One of the ways we lift the human project
In the above sunflare, I always saw a dove. As well as “peace,” the dove symbolizes altruism. And in this context, the trees represent the strength and growth that accompanies the privilege to give and help. The word “altruism” was coined by French philosopher Auguste Comte. In French, altruisme, is an antonym for egoism. He derived it from the Italian altrui, which in turn was derived from Latin alteri, meaning “other people” or “somebody else.” (Wikipedia)
Arguably, the greatest social debate that’s been raging worldwide since the discovery of fire has been the question, “Am I my brother’s keeper?” In Genesis 4:9, after Cain killed his brother, Abel, the Lord asked him where his brother was. He lied, saying he didn’t know and posed that infamous question. Ever since, different people affirm or deny that we, as human beings, have an obligation to support or provide for anyone who is lacking or suffering.
Christians are taught to love one another. The apostle Paul wrote (1 Thessalonians 5:12-15) “See that no one renders evil for evil to anyone, but always pursue what is good both for yourselves and for all.” Similarly, Buddhists are encouraged to practice “loving-kindness” toward one another. Neither emotional nor selfish, it’s seen as the most effective way to maintain purity of mind and to purify the mentally polluted atmosphere.
In the Metta Sutta, the Buddha expanded this perspective. “Just as a mother would protect her only child even at the risk of her own life, even so, let him cultivate a boundless heart towards all beings. Let his thoughts of boundless love pervade the whole world, above, below and across without any obstruction, without any hatred, without any enmity.” Love of neighbor has been one of the fundamental precepts of all the traditional religions.
Among the skeptics and outright dissenters to the principle and practice of altruism, novelist Robert A. Heinlein believed altruism was “based on self-deception, the root of all evil.” Industrialist H.L. Mencken said it was “grounded on the fact that it is uncomfortable to have unhappy people about one.” Business and political writer Andrew Tobias said “there’s no such thing as altruism.” Marcel Proust, novelist and critic, said “Human altruism which is not egoism, is sterile.” Science fiction writer Greg Bear wrote “Altruism is masked self-interest. Aggressive self-interest is a masked urge to self-destruction.” And novelist Ayn Rand proclaimed that “If any civilization is to survive, it is the morality of altruism that men have to reject.”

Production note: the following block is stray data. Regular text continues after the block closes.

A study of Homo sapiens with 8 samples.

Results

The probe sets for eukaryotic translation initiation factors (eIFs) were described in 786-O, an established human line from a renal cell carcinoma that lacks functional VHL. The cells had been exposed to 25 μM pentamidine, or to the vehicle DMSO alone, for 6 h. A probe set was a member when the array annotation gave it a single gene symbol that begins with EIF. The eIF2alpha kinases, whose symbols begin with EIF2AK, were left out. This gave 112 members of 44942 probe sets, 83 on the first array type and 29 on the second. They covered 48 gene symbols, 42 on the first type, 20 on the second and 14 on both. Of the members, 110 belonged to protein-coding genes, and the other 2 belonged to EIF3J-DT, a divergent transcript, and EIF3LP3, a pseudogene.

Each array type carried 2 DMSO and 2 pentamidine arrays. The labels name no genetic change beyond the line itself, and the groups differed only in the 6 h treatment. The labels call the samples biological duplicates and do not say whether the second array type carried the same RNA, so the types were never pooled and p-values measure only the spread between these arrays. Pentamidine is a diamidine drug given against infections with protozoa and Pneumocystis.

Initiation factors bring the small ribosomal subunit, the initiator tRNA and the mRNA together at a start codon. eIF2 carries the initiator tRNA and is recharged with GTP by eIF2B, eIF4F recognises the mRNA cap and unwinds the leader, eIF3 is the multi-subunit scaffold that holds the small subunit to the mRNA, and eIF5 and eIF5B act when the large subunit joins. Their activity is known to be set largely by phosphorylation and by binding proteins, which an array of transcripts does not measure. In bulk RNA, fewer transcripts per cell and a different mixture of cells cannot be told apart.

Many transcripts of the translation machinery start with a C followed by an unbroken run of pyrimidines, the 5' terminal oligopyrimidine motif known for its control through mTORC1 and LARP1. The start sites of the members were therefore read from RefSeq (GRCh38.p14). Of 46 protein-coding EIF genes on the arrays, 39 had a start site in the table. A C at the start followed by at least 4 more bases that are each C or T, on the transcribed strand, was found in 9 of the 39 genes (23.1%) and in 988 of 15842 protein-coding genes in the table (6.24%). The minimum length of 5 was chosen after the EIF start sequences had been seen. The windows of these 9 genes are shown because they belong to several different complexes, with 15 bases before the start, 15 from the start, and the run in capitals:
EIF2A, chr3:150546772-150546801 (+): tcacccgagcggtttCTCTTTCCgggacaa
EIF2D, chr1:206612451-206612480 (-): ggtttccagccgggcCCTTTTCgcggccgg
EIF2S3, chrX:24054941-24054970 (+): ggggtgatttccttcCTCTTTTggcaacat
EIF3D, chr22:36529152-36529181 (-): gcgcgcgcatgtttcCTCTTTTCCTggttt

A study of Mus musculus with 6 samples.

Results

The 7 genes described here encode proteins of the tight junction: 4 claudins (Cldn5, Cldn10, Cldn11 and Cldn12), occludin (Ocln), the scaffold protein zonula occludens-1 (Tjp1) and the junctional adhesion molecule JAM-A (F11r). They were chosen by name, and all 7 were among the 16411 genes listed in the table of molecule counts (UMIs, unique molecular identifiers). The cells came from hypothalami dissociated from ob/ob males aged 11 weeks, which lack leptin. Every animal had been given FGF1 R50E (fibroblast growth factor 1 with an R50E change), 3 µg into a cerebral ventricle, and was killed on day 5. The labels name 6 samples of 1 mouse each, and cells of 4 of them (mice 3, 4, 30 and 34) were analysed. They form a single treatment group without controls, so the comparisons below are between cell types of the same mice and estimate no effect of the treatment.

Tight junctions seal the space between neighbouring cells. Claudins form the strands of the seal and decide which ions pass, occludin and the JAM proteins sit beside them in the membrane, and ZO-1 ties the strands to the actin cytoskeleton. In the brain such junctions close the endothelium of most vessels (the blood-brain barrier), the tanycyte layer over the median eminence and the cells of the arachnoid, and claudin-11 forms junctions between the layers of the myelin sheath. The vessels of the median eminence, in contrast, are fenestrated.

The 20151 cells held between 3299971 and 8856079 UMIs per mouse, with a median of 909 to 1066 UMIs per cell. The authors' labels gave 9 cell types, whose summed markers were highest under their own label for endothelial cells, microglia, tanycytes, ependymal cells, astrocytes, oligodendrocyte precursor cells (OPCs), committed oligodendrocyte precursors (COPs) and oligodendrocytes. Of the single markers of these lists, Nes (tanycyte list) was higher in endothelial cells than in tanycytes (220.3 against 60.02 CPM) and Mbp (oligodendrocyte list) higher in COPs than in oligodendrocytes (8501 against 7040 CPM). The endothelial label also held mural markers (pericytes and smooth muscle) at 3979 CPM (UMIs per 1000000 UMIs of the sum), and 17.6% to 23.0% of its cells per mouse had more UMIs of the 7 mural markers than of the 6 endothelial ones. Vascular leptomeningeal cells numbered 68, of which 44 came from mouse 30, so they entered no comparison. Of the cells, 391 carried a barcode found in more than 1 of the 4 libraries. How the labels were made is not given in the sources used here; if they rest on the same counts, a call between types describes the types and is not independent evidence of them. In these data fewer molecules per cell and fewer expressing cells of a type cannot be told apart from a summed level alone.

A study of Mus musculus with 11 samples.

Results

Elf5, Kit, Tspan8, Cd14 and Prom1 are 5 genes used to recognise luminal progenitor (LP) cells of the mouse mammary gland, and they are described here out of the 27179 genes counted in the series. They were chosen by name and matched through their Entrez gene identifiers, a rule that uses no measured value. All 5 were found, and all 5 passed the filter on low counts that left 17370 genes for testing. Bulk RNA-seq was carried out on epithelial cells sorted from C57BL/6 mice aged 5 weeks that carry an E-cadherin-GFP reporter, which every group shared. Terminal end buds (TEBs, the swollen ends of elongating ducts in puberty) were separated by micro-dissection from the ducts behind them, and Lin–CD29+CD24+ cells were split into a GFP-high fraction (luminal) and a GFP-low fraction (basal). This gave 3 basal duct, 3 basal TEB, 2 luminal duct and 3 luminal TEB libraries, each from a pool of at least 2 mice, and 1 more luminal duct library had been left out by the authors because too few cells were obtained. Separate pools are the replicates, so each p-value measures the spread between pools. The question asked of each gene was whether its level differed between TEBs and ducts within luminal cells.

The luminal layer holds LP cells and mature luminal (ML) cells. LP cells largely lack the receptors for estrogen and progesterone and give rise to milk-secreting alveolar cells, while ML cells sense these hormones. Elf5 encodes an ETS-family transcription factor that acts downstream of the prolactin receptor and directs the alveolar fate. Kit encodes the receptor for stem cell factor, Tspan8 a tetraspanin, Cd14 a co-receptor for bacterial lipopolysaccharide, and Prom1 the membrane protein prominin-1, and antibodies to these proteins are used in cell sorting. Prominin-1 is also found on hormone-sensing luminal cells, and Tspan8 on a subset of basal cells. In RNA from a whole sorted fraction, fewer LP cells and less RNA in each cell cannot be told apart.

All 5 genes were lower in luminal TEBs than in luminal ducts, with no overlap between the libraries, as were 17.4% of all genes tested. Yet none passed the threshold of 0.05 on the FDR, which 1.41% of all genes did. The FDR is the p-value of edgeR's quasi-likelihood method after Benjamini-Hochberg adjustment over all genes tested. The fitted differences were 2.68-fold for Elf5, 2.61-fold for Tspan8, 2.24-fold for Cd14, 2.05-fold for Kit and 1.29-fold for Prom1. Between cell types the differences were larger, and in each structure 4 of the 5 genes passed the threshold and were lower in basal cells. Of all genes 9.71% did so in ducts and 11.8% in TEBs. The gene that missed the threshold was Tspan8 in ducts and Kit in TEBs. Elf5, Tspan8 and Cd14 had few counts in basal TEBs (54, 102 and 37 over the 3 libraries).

Dr. Abigail Marsh, author of The Fear Factor, reported in Psychology Today that after six years of MRI research working with dozens of altruistic kidney donors, researchers Kristin Brethel-Haurwitz and Abigail Marsh of Georgetown University in Washington, D.C. found that altruists are “particularly attuned to signs that another person is in distress. They have a better-than-average ability to recognize when others are frightened, which seems to result from an area of their brain, called the amygdala, being more reactive to fearful facial expressions. This fear sensitive part of the brain is also physically bigger in altruists. These patterns are especially interesting because they are the opposite of those seen in psychopaths—particularly uncaring and selfish individuals—who have smaller, less active amygdalas. Together, these results suggest that humans may naturally vary along a sort of a “caring continuum,” a spectrum ranging from highly altruistic people who care a lot about others’ welfare to psychopathic people who don’t care much at all.”
The Wisdom Teachers — In their own words
The root of happiness is altruism – the wish to be of service to others. — Dalai Lama
The best way to find yourself is to lose yourself in the service of others. — Mahatma Gandhi
When you are able to shift your inner awareness to how you can serve others, and when you make this the central focus of your life, you will then be in a position to know true miracles in your progress toward prosperity.” ― Wayne W. Dyer, Motivational speaker
Practice kindness all day to everybody and you will realize you’re already in heaven now. ― Jack Kerouac, author of The Portable Jack Kerouac
Every man must decide whether he will walk in the light of creative altruism or in the darkness of destructive selfishness. — Martin Luther King, Jr.
What we have done for ourselves alone dies with us; what we have done for others and the world remains and is immortal. — Albert Pike, Arkansas poet and lawyer
Only a life lived for others is a life worthwhile. — Albert Einstein
We make a living by what we get, but we make a life by what we give. — Winston Churchill
My sister, Joanne, and I were raised to be generous, especially toward those in need. My wife wasn’t raised that way, but being highly empathetic giving became natural to her. Our daughter, Jennifer, excels in that area and Jason, her husband, has such a strong impetus to service that helping and giving are prominent features in their family.
In my experience, in addition to the feeling that I’ve helped someone, incidents of giving and helping evoke a powerful sense of gratitude for what we have. As with power, privilege comes with responsibility. No matter how small the contribution or help, irrespective of the motivation and circumstances of the receiver, altruism is one of the ways we can lift the human project—one person, one organization at a time.